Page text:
VICTORY! California Leads in Saying No to Deforestation Biofuels
California is setting the precedent of regulating greenhouse gas emissions from transport fuels [ark]. The regulation requires producers, refiners and importers of gasoline and diesel to reduce the carbon footprint of their fuel by 10% over the next decade. And it launches the state on an ambitious path toward cutting its overall heat-trapping emissions by 80% by mid-century.
Critically, as our recent alert demanded, biofuel's indirect land use impacts [search], starting with corn ethanol, are to be considered when determining a fuel's net impact upon emissions. Looking at the full inputs to corn ethanol — including energy used in planting and transport, land pressures leading to increased deforestation, and coal for distillation — shows it clearly has a sum negative impact upon climate. Careful examination of the inputs and indirect land impacts of other biomass based fuels such as cellulosic biofuels will clearly show the same thing.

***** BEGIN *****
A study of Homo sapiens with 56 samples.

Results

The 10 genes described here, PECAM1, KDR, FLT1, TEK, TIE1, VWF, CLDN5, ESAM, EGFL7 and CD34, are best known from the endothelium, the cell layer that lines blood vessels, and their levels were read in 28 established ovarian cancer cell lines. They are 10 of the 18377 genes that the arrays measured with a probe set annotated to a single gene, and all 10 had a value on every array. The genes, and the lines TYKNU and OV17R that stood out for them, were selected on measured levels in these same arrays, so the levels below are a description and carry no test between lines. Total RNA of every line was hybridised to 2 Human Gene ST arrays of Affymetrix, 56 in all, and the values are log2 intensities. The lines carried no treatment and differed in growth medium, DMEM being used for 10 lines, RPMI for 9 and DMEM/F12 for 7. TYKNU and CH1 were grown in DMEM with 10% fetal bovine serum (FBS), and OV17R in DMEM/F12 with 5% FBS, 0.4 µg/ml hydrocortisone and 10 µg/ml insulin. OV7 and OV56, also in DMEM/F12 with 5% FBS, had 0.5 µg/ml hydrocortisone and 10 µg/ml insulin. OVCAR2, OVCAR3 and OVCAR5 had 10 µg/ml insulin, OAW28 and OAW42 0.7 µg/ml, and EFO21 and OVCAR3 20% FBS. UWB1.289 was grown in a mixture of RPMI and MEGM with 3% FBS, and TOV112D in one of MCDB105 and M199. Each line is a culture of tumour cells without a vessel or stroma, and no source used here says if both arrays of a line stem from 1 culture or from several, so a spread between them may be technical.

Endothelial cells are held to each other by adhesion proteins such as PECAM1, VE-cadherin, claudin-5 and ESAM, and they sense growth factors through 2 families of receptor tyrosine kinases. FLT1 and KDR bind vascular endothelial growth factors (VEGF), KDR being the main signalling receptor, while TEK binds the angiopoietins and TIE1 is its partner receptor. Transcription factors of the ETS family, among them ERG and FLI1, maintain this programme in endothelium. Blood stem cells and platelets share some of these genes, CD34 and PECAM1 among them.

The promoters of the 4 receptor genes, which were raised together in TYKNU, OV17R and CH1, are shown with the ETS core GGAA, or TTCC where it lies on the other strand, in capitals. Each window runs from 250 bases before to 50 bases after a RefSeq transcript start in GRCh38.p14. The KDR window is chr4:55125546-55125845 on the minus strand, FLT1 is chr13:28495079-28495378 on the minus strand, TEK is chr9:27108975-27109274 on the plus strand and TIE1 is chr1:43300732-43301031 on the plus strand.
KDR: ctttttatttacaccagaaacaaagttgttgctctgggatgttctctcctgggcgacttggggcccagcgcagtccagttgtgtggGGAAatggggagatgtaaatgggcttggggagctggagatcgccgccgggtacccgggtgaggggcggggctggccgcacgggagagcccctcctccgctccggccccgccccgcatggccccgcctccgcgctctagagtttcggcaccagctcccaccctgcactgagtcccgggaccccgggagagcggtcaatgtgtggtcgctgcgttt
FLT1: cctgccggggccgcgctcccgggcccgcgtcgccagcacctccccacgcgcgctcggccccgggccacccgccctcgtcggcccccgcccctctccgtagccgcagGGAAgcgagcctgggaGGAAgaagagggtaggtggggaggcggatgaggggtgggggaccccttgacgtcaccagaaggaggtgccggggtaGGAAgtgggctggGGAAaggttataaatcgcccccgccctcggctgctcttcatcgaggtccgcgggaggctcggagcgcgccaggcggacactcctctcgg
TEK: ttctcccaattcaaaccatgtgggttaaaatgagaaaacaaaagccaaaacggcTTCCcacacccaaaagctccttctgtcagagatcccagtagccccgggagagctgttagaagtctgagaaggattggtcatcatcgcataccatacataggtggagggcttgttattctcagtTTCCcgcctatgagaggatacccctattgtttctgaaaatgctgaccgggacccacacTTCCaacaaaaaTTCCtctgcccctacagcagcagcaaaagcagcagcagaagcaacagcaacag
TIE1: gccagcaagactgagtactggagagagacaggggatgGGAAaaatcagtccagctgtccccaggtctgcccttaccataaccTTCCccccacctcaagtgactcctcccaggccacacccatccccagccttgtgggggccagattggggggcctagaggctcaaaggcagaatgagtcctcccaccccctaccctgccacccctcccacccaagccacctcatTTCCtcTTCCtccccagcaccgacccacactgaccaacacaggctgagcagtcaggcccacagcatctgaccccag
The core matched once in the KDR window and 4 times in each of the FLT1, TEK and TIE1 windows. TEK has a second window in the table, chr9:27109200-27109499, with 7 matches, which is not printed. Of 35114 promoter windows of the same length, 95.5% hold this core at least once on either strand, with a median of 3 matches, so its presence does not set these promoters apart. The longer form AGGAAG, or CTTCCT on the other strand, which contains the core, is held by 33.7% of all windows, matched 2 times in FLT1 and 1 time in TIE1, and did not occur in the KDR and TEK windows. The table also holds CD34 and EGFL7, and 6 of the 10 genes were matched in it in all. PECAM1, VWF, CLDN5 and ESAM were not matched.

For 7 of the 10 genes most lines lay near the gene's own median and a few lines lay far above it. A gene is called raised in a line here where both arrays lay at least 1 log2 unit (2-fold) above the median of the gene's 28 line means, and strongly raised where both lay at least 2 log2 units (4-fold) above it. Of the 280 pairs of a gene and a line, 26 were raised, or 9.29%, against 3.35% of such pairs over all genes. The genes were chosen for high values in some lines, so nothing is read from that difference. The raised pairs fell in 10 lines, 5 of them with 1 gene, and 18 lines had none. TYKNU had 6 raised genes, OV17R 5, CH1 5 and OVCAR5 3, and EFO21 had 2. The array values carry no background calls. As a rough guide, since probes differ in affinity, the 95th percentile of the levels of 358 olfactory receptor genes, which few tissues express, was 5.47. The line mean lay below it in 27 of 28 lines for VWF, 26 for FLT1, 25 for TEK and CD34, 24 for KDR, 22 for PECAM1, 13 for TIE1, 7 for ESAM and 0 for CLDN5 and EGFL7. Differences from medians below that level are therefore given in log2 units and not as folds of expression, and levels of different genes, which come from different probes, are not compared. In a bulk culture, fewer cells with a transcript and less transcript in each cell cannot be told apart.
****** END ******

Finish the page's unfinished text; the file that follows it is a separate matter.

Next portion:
Earth has no spare biomass to power our vehicles. Progress is being made on the global campaign to stop fuel production from biomass, particularly at the expense of food and ecosystems. The Earth's terrestrial ecosystems are past their carrying capacity, and rather than increasing pressures upon primary productivity, the human enterprise must power down and enter an era of ecological restoration. Rainforest Rescue and EcoInternet's alert objectives were met and, along with many others, we helped counter the energy industry's extreme pressure. These regulations must now go global and continue to be strengthened.